As the bread-and-butter of Los Angeles’ music scene, residency shows are the most common way of pushing new talent into limelight and as (typically) free events, they’re an unmissable opportunity to find yourself in the underbelly of the city’s ever-churning pool of soon-to-be breakout artists. Held in the humble confines of bars and clubs like The Echo and Hotel Cafe, there’s usually three or four residencies going on every month if you look closely enough–and September’s must-see is undoubtedly PAPA’s take over of the Bootleg Theater. Seasoned players of small, bar-like venues like the Constellation Room and Roxy, Darren Weiss and Danny Preasant made themselves more than at home as the Bootleg filled to an almost claustrophobic state. But to say their set went off without a hitch would be a crime against the duo’s vehemently raw and emotionally gutting disposition.
Only a few songs into their set, Preasant started to have technical trouble with his bass–and over the course of three songs, he frustratedly and systematically checked his connection, switched out amps, and eventually unplugged his pedal, in order to attempt to solve the issue. While this slowed the tempo of the show, which had already began to pick-up with hot and funky performances of “Hold On” and “If You’re My Girl, Then I’m Your Man,” Weiss dutifully kept the momentum afloat by inviting any fan willing to come onstage and sing. “Anyone here ever dream of being the lead singer of PAPA? Well now’s your chance,” he told the crowd, and when a slightly inebriated fans started pointing to himself, Weiss sarcastically admonished him by telling him to stop pointing to himself and just get onstage: “You think Obama pointed to himself and said ‘I wanna be President. No, he made that shit happen.” Once Preasant’s perseverance, and in turn ours, was finally rewarded with the sounds of his bone rattling bass on “Comfort’s a Killer,” PAPA dived head first into a devilish rush of both old and new tunes. Preasant then confessed to the crowd that he felt like a virgin having his first go at sex, and felt like he’d already fudged it up: “Are you guys still with me?” Oh, of course we were. As promised by PAPA when we last spoke to them, the sonic and emotional divide between their Tender Madness and Kick at the Dust material was palpable, and it sizzled and crackled as Weiss ripped through the ferocious percussiveness but viscerally funky “Eat My Radio” and “What Good Is the Night?”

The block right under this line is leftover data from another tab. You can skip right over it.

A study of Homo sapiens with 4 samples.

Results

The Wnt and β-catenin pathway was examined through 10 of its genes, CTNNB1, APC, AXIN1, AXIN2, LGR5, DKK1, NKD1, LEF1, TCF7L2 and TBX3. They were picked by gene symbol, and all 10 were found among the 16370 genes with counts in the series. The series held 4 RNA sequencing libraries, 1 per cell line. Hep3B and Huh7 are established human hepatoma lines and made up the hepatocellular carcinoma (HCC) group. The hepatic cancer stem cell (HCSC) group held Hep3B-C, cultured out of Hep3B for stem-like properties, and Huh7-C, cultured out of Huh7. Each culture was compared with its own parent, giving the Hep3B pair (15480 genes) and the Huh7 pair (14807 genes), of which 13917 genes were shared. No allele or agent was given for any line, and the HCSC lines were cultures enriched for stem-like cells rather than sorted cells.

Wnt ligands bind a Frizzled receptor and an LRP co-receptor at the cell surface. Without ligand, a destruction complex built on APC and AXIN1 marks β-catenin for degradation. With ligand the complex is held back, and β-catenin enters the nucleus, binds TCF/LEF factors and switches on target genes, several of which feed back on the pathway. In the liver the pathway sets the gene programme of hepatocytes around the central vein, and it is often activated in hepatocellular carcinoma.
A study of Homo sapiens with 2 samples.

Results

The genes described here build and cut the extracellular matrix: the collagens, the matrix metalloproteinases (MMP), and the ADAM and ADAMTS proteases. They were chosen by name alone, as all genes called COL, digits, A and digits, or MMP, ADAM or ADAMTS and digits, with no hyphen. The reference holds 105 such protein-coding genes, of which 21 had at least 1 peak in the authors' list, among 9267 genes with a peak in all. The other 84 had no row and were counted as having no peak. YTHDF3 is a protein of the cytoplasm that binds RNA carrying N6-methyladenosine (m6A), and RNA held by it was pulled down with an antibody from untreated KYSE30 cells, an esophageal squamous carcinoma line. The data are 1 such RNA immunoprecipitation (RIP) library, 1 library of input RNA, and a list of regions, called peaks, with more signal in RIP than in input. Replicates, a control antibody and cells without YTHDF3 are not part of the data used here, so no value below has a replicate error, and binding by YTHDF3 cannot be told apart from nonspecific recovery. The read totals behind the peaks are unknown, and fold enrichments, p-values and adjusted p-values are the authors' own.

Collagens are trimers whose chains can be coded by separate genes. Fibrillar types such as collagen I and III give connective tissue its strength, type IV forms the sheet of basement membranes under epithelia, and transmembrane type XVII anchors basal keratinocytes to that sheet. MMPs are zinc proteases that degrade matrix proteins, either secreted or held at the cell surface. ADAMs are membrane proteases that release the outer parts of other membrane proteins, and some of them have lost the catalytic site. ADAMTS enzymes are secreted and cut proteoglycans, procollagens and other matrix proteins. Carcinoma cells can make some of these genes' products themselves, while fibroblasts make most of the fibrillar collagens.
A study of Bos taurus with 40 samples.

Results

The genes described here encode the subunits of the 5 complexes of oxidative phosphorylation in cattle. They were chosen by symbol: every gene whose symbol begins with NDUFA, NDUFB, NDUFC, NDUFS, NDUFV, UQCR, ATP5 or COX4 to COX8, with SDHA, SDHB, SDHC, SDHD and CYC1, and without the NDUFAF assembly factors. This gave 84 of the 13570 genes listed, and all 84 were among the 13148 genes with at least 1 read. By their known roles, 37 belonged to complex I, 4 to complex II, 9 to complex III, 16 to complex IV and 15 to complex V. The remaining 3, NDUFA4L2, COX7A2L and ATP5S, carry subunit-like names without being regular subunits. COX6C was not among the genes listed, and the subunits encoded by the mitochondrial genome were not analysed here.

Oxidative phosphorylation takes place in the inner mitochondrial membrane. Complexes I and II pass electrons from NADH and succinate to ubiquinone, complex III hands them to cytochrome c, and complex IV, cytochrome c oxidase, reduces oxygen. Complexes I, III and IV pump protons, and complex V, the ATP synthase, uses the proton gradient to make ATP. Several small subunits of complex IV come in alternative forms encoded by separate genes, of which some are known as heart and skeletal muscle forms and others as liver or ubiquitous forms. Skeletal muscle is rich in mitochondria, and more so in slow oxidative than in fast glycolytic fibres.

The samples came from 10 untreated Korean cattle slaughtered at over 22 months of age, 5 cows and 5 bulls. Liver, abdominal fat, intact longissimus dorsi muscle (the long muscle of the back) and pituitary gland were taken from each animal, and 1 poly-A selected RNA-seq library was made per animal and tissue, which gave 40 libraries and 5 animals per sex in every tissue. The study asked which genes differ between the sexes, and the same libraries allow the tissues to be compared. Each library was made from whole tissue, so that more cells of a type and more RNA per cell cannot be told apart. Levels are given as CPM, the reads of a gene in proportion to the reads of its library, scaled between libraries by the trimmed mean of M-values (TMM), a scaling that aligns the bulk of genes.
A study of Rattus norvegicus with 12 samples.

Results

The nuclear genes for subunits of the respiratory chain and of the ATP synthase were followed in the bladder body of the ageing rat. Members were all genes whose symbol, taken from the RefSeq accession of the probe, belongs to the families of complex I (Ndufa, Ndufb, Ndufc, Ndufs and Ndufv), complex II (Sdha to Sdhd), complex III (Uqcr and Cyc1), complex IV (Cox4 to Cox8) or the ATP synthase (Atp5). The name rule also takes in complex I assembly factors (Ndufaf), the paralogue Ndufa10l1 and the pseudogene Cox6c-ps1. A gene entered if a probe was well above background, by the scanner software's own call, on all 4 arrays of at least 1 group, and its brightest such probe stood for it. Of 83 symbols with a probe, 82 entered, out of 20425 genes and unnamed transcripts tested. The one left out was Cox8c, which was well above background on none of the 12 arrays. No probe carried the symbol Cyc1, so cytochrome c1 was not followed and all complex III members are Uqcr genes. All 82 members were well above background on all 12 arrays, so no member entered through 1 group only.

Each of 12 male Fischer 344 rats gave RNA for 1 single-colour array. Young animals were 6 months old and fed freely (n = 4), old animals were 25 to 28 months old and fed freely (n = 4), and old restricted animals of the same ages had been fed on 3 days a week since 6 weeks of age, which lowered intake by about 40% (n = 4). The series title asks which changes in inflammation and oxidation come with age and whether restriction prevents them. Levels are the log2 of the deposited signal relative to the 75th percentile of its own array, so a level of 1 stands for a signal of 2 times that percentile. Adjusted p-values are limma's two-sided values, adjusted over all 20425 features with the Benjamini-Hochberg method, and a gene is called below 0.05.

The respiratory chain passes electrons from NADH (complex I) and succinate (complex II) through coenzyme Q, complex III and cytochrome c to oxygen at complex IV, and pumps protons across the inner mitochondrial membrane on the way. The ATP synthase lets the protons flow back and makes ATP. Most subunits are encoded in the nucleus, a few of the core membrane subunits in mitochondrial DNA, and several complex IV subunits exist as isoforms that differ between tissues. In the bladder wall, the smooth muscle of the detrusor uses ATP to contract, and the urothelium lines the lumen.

As blithely unpolished as ever, the boys of PAPA have managed to evolve and flesh out their live show by adhering to the idea that less is more–adding only a keyboardist and back-up singers over the years. At center stage behind his drum kit Weiss remains the centripetal force from which the band borrows its energy, and the bearded percussion-meister has always been more than just a silver-tongued crooner banging on his cymbals. As the band’s lead vocalist, he flirts with the riled-up insanity and poise required by his dual position, while to his left, Preasant rips apart his bass with that now signature arm-throw of his, dancing around and making eyes at the crowd. The duo’s back-up singers, angelic carolers that punctuated Weiss’ baritone lulls with their own gorgeous trills, stand on elevated platforms in the corner of the stage charming the crowd into almost yearning for more prominence of their dulcet cries. Per-usual, the crowd sweated it out with PAPA, burning their love-aching down to the nerves with every hot-headed percussion tumble and warmly-glowing riff.
The “funk-master” (as Weiss so tenderly referred to him as) Maxim Ludwig helped “fuck-up” (as he so eloquently put it) the stage before PAPA’s performance, knocking over his beer multiple times with his erratic dance moves. A fellow Hit City USA label-mate, Ludwig brought a cathartic level of rhythm and blues to band’s residency, storming the stage with a large collective that included two exceptional saxophonists blaring out a groovy emphasis to the singer’s suave tunes.
Noisy rock outfit Green Gerry prepped the Bootleg early in the night, setting the night’s electric tempo with their synth-heavy, punk-meets-hazy-pop sound. Stylistically and performance wise, the band, which revolves around the talents of lead singer Gerry Green, was the stand-out act that night because of their insatiable energy. Flailing his arms and shaking his maracas like a madman, Green screamed into his mic as weirdly distorted guitars buzzed in delirious melodies, somewhere between jubilant incoherence and quirky fluency.
Words & Photography: Steven Ward
More Photos of PAPA, Green Gerry and Maxim Ludwig at Bootleg Theater!